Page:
The Masters golf tournament is haunted by the petty specter of a pimento cheese sandwich

One of Augusta National's famed pimento cheese sandwiches resting on a green wrapper
Photo: Jamie Squire / Staff (Getty Images)

Ah, the Masters! The storied tournament during which the world’s top golfers flock to Augusta, Georgia to compete for a fancy little green jacket. (Can you tell I don’t watch golf?) This year’s tournament took place last weekend—and, in honor of the occasion, Atlas Obscura published a fascinating piece titled “The Sandwich Scandal at the Heart of the World’s Greatest Golfing Event.”


Fater’s article references Nick Rangos, the tournament’s longtime pimento cheese vendor who delivered his secret recipe to the grounds every April for 45 years. When the Masters chose not to renew his contract after decades of service, Rangos didn’t take the news well. He refused to share his signature recipe with his replacement, Ted Godfrey, who ran a franchise of a regional fried-chicken chain called—oh, yes—WifeSaver.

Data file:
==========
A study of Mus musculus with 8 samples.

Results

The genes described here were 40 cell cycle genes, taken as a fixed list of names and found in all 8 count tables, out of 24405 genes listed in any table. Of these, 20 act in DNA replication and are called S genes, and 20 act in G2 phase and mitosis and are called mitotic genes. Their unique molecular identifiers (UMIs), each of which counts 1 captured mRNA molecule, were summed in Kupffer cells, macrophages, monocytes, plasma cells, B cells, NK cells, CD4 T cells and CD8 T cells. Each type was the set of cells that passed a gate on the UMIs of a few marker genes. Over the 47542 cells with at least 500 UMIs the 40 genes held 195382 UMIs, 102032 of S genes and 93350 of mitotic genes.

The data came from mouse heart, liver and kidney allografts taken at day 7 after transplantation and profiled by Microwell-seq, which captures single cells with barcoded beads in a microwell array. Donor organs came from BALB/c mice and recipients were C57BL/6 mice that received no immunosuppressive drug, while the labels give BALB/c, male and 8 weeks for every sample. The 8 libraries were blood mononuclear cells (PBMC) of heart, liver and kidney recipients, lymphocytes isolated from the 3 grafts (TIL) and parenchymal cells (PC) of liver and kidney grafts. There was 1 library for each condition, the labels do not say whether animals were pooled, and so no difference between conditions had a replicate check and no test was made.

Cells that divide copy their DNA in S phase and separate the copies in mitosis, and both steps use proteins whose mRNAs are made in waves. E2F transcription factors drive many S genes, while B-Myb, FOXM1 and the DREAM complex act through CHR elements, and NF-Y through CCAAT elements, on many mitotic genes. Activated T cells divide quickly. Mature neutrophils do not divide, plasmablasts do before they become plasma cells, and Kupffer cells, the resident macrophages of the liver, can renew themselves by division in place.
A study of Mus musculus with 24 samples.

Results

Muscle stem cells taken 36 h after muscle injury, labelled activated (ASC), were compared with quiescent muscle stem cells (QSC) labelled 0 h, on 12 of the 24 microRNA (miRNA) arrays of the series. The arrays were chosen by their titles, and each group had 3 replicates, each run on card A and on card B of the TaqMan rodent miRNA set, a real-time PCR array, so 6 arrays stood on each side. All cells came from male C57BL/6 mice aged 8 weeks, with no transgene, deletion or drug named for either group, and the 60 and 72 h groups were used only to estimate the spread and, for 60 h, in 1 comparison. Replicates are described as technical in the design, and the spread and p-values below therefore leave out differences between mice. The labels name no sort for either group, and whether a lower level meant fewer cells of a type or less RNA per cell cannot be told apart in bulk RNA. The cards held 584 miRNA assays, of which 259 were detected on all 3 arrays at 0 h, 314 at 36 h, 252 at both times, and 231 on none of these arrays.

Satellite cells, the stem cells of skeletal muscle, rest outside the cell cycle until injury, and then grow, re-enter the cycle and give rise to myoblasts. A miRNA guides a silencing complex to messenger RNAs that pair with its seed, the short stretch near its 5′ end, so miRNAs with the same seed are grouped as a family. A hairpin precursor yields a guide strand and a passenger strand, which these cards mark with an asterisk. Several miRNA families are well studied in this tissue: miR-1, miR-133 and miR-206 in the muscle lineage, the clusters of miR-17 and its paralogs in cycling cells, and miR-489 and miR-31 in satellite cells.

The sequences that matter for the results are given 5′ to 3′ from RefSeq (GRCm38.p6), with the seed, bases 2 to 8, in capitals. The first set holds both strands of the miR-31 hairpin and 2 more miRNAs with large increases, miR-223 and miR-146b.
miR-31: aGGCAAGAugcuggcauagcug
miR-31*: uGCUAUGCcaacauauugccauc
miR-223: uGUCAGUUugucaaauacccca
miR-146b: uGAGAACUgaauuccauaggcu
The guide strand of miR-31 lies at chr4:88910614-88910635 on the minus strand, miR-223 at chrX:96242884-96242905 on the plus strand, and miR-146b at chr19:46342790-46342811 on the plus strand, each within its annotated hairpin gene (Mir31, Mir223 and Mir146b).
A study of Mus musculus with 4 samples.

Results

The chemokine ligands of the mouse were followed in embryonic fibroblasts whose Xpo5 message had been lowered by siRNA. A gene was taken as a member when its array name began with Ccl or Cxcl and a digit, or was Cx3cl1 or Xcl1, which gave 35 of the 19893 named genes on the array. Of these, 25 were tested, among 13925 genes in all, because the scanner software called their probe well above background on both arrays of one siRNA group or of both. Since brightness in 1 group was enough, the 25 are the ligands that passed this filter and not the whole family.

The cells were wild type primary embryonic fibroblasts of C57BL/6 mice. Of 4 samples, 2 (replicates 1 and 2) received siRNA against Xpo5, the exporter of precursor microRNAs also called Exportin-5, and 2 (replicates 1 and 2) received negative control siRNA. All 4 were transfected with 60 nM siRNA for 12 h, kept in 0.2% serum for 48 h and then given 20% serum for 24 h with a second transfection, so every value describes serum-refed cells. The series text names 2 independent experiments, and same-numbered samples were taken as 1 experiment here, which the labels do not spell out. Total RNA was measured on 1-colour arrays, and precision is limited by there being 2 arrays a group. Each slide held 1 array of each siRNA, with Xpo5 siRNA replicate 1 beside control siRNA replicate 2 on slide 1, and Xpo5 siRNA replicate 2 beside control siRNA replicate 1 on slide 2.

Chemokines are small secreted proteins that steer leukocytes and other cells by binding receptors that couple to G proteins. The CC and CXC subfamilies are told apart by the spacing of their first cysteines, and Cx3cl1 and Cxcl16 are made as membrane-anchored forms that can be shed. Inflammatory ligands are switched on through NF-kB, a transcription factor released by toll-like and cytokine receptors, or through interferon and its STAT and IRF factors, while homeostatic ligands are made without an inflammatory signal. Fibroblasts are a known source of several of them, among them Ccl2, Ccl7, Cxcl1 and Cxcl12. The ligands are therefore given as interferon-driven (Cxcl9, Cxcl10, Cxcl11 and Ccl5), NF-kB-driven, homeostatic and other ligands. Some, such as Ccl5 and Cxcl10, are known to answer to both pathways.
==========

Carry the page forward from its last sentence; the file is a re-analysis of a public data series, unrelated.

Godfrey reportedly spent months trying to recreate the recipe. “I can’t tell you how many 35-dollar cases of cheese we’d been through,” Godfrey told ESPN. Eventually a tournament worker revealed a frozen batch of Rangos’s original spread, allowing Godfrey to reverse-engineer the recipe and devise a passable spread. Finally, in 2013, the Masters took all concessions in-house. Godfrey was out of a job, and then refused to share his recipe with the new in-house chefs. Anyway, the saga is weird and very funny, especially considering the buttoned-up, private nature of the golf world. Check out Luke Fater’s full article here.

Staff writer @ The Takeout, joke writer elsewhere. Wrangling dogs and pork shoulder in Chicago.

DISCUSSION

I worked on a golf course for part of one summer. Not all golfers are assholes but enough of them are that I quit that job.